Monday, 12 May 2014 - 7:26am IST | Place: Pune | Agency: dna

City-based NGO will determine and set safety standards for the pools
  • pool-swimming Representational image of a swimming pool in Pune

Pune: Barely two months after a city-based NGO’s survey found that 50 per cent of the 80-odd swimming pools in Pune do not follow adequate safety norms, several cases of people losing their lives in the pools have come to the fore. 
Following the tragic incident on Friday, where a woman died after a swim in the YMCA swimming pool, the Pune Municipal Corporation (PMC) has tied up with the NGO Rashtriya Life Saving Society to conduct yet another survey to determine and set safety standards for the swimming pools in the city. The survey, which is expected to get over by the month-end, aims at creating awareness among the swimmers and pool owners about the pool safety norms.
Speaking to dna, Shyam Shinde, operations and training manager at Rashtriya Life Saving Society said most pools are built on a make-shift basis, especially those in housing societies. “They do not follow any formal standards of safety such as installation of skid-proof flooring, presence of lifeguards, adequate fencing around the pool and placing signages around the pool. This survey will ensure that swimming pools keep records of previous mishaps, and instruct the swimmers about potential safety hazards before allowing them go into the waters,” he said.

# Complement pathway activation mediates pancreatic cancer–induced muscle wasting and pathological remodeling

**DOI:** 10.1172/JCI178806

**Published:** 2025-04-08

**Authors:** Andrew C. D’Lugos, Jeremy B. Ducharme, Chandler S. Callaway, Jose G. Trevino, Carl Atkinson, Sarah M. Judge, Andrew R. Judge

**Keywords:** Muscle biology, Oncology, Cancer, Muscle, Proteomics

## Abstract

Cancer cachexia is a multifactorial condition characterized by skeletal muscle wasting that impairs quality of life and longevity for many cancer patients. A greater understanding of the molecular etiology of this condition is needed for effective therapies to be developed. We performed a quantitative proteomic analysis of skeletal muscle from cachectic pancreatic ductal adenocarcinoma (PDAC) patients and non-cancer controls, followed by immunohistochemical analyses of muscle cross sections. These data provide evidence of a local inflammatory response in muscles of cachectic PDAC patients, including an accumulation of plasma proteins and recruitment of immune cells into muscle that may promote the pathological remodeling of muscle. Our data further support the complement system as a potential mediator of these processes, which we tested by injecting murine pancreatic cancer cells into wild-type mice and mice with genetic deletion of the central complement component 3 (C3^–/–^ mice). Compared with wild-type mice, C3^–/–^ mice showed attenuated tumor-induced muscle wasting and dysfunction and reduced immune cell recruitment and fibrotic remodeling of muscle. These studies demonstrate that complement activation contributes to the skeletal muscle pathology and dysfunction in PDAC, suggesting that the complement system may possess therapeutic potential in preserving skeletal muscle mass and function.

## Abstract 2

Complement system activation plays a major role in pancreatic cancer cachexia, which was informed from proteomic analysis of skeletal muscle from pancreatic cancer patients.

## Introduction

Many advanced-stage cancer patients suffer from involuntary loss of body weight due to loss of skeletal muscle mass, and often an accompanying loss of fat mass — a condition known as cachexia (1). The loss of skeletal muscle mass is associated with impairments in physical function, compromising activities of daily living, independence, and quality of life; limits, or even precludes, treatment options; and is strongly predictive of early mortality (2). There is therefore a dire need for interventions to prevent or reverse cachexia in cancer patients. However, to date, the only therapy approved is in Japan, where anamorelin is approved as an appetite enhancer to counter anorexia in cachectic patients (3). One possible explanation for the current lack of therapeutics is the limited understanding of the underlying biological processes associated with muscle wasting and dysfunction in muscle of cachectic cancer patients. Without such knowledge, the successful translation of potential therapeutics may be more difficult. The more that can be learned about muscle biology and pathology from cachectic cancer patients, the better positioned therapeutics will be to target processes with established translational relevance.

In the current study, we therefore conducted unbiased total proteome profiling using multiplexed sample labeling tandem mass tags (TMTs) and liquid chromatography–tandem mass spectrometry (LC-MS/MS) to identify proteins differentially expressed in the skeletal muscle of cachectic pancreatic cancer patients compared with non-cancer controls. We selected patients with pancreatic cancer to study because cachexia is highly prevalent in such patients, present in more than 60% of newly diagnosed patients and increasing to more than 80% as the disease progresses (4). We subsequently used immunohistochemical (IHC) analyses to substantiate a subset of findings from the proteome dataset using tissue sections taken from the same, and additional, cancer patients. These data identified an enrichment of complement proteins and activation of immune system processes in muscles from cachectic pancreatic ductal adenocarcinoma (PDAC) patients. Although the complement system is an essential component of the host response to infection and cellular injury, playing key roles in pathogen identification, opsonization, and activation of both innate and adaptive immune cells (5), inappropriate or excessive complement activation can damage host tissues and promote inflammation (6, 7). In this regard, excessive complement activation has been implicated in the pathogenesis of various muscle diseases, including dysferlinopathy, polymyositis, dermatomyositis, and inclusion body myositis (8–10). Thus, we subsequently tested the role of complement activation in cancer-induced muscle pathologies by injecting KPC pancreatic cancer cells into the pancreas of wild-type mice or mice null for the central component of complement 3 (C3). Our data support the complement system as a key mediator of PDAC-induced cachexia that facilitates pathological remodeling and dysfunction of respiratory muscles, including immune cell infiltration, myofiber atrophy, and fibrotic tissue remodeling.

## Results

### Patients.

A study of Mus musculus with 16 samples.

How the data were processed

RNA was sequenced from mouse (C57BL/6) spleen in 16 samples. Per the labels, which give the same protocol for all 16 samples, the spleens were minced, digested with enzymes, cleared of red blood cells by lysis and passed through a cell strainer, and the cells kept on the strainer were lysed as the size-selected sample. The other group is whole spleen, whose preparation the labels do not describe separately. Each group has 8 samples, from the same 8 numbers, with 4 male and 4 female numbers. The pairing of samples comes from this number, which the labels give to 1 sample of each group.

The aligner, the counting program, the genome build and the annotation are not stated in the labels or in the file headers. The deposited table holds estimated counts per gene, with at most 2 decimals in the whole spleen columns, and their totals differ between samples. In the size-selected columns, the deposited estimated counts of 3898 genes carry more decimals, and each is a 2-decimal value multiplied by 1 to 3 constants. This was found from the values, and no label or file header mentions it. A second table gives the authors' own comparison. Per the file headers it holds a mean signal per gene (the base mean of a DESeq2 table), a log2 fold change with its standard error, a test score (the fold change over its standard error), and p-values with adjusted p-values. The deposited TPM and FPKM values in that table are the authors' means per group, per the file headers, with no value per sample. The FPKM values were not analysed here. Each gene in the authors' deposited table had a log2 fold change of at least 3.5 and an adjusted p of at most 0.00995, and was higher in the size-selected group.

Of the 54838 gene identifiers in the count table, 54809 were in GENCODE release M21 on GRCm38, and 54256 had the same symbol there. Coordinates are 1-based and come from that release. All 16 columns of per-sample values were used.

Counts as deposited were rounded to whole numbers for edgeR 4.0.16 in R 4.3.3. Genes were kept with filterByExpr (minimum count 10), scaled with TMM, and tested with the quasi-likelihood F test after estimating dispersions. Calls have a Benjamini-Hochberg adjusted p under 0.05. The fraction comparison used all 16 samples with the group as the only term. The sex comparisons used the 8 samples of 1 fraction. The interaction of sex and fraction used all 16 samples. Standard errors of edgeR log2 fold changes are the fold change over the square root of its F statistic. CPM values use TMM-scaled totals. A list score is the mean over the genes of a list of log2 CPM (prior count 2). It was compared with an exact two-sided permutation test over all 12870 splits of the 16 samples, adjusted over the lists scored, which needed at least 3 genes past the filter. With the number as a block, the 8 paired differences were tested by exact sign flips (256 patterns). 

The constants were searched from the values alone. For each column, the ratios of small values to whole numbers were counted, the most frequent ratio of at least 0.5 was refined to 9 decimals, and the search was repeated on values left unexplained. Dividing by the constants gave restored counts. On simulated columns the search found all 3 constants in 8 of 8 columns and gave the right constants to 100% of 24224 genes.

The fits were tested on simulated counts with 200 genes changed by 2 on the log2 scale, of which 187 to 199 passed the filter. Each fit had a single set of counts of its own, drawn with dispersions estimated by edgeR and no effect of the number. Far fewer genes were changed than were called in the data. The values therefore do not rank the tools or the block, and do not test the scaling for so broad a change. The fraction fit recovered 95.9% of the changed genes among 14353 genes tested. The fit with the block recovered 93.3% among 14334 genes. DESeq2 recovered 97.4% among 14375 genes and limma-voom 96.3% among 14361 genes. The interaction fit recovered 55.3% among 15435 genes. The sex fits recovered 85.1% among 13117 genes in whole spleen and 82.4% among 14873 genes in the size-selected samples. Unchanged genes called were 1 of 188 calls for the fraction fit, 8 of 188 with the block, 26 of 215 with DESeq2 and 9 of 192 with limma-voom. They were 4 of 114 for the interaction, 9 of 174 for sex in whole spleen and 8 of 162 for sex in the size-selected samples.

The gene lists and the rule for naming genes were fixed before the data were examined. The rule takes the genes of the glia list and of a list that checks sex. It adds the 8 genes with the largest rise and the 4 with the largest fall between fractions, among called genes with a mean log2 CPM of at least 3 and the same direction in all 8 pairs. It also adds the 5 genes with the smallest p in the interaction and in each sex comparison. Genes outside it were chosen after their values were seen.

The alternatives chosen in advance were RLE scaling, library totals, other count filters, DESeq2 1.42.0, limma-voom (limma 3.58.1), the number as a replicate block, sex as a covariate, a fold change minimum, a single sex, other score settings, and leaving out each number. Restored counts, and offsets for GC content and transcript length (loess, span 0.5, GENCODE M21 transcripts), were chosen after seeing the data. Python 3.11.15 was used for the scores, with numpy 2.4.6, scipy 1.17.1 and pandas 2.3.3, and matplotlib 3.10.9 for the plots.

About the other parameters of the study, Shinde said that factors such as clarity and pH value of the water, the number of lifeguards present and their certification, rescue ropes, poles, rings and floats available around the pool will be taken into consideration. The survey will also check if the pools conduct regular filtration and servicing rounds besides certification of the lifeguards employed. 
That aside, the NGO is training 5,000 lifeguards at their Yerawada training centre, who will be certified in a year’s time. Shinde said, “As long as a person can swim, the management at swimming pools takes him on board as a lifeguard. These lifeguards are then made to look after the machinery around the pool and hardly have time for keeping a check on safety of swimmers.”
The previous survey had been conducted independently by the NGO in February 2014. Shinde said, “One of the swimming pools we reviewed used tyre tubes in place of rescue rings. Another pool did not have certified lifeguards.” He said that people do not understand that a swimming pool, which is even four-feet deep can be potentially hazardous, if safety standards are not followed. Even though a swimmer will not drown in a pool that shallow, in case of a fit or a cramp, it can prove fatal.